It has been a month since I received the rejection email. I gave it a long thought for a month, about whether to pursue another try at the position, while applying for other PhD and job opportunities. I would still like to give it a shot, and the following email is what I am about to send. Please let me know if it sounds okay :) I took out the part pleading for a lower position (i.e. research assistant), as some comments pointed out that it sounded too desperate.
Dear Prof. A,
Despite my big disappointment about the decision, I would still like to thank you for taking your time to consider my candidacy and getting back to me with the result.
It took me some time to get back to you, because I just could not get over how much I find this project ideal for my research interests. Hence, after a long thought, I decided to make my last attempt in convincing you to reconsider my candidacy for the position.
While I acknowledge that the "Z" project is a challenge, I also see it as a great opportunity to hone my mathematical training. I have proven records of success in facing such a challenge: I did not have solid mathematical or programming background for the Y master program. However, I put in a lot of efforts both prior to and during the program to thrive in mathematically rigorous courseworks (on my own and with the help of a mathematics professor affiliated with the Y program, Prof. X) and successfully completed a computational modelling project for my thesis. I am more than willing to do the same for the "Z" project, and I feel confident from the previous academic experience that I will not disappoint you if given a chance.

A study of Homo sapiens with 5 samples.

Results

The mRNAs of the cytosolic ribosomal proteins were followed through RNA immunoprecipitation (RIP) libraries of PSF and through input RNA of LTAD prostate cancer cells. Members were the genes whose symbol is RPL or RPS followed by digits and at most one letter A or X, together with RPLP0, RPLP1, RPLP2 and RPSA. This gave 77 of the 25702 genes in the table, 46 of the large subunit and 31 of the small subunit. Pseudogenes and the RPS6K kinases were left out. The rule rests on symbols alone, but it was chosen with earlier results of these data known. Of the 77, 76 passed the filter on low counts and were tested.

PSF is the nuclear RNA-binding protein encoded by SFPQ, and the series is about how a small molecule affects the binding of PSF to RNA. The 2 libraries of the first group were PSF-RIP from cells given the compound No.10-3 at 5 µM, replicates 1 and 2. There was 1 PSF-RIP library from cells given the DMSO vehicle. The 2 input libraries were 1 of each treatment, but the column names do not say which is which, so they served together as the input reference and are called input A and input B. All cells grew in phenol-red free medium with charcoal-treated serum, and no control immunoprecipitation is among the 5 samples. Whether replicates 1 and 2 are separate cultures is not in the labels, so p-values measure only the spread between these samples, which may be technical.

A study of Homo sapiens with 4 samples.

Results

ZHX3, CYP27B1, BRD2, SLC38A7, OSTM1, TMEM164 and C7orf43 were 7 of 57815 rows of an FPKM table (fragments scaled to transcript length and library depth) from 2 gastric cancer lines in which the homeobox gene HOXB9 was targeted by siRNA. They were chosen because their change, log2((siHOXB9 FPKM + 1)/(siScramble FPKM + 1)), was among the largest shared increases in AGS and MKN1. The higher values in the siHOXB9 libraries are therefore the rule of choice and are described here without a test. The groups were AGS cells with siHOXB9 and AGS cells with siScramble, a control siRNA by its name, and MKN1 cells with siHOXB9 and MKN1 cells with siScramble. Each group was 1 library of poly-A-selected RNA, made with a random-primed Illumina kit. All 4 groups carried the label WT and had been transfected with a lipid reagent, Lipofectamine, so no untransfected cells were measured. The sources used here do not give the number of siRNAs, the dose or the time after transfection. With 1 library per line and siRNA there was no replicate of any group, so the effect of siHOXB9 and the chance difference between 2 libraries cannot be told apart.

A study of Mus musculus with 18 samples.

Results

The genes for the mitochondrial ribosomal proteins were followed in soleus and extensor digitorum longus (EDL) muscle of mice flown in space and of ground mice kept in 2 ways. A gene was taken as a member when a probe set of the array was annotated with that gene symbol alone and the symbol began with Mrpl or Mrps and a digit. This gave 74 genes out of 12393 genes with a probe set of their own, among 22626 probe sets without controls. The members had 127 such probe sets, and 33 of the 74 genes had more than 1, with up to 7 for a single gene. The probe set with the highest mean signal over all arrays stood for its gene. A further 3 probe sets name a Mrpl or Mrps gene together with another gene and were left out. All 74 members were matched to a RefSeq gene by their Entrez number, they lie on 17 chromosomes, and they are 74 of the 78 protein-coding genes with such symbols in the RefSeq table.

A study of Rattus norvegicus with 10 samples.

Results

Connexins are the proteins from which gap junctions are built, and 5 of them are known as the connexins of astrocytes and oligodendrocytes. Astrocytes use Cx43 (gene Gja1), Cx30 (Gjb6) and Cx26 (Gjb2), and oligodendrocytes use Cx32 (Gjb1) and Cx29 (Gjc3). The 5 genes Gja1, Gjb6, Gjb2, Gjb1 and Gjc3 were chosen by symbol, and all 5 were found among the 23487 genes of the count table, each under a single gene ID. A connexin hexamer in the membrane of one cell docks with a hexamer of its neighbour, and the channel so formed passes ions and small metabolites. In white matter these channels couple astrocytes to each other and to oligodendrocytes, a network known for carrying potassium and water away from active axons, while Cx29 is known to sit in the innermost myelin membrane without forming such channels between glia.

You could also provide me a test problem/project, with which you can gauge my abilities to work on the project.
In case you decide not to reconsider my candidacy, I would like to thank you anyways for the consideration and the close call again. I will remain dedicated to obtaining a PhD degree in the field of decision making under uncertainty and hope to meet you some day in a conference.
Below is the rejection email I've got last month:
"...Unfortunately, I can not bring you good news. Among all candidates you were the one with the highest scientific ambitions which really set you a part from the rest. However, our concern remained that your mathematical training is not enough for the specific problem that is subject of this position. We wish you all the best and especially that you keep up your inspiring passion for science...
P.S. If that helps you somehow: We finally concluded that none of the other available candidates fulfilled all necessary requirements and hence the position remains open."
This was my initial reaction to the rejection email:
I really want to work on this project! Is it a good idea to tell them that I am willing to go down the hard road? (e.g. taking online math courses or working as an intern/assistant at their lab before the PhD studies to meet the mathematical requirements for the position)? Also, should I make a case that my master's program was in fact mathematically rigorous by outlining the course syllabi and requirements? I have already sent them a transcript for this purpose, but I feel that listing only course names and grades do not really tell them much about what kind of and how rigorous math I worked with.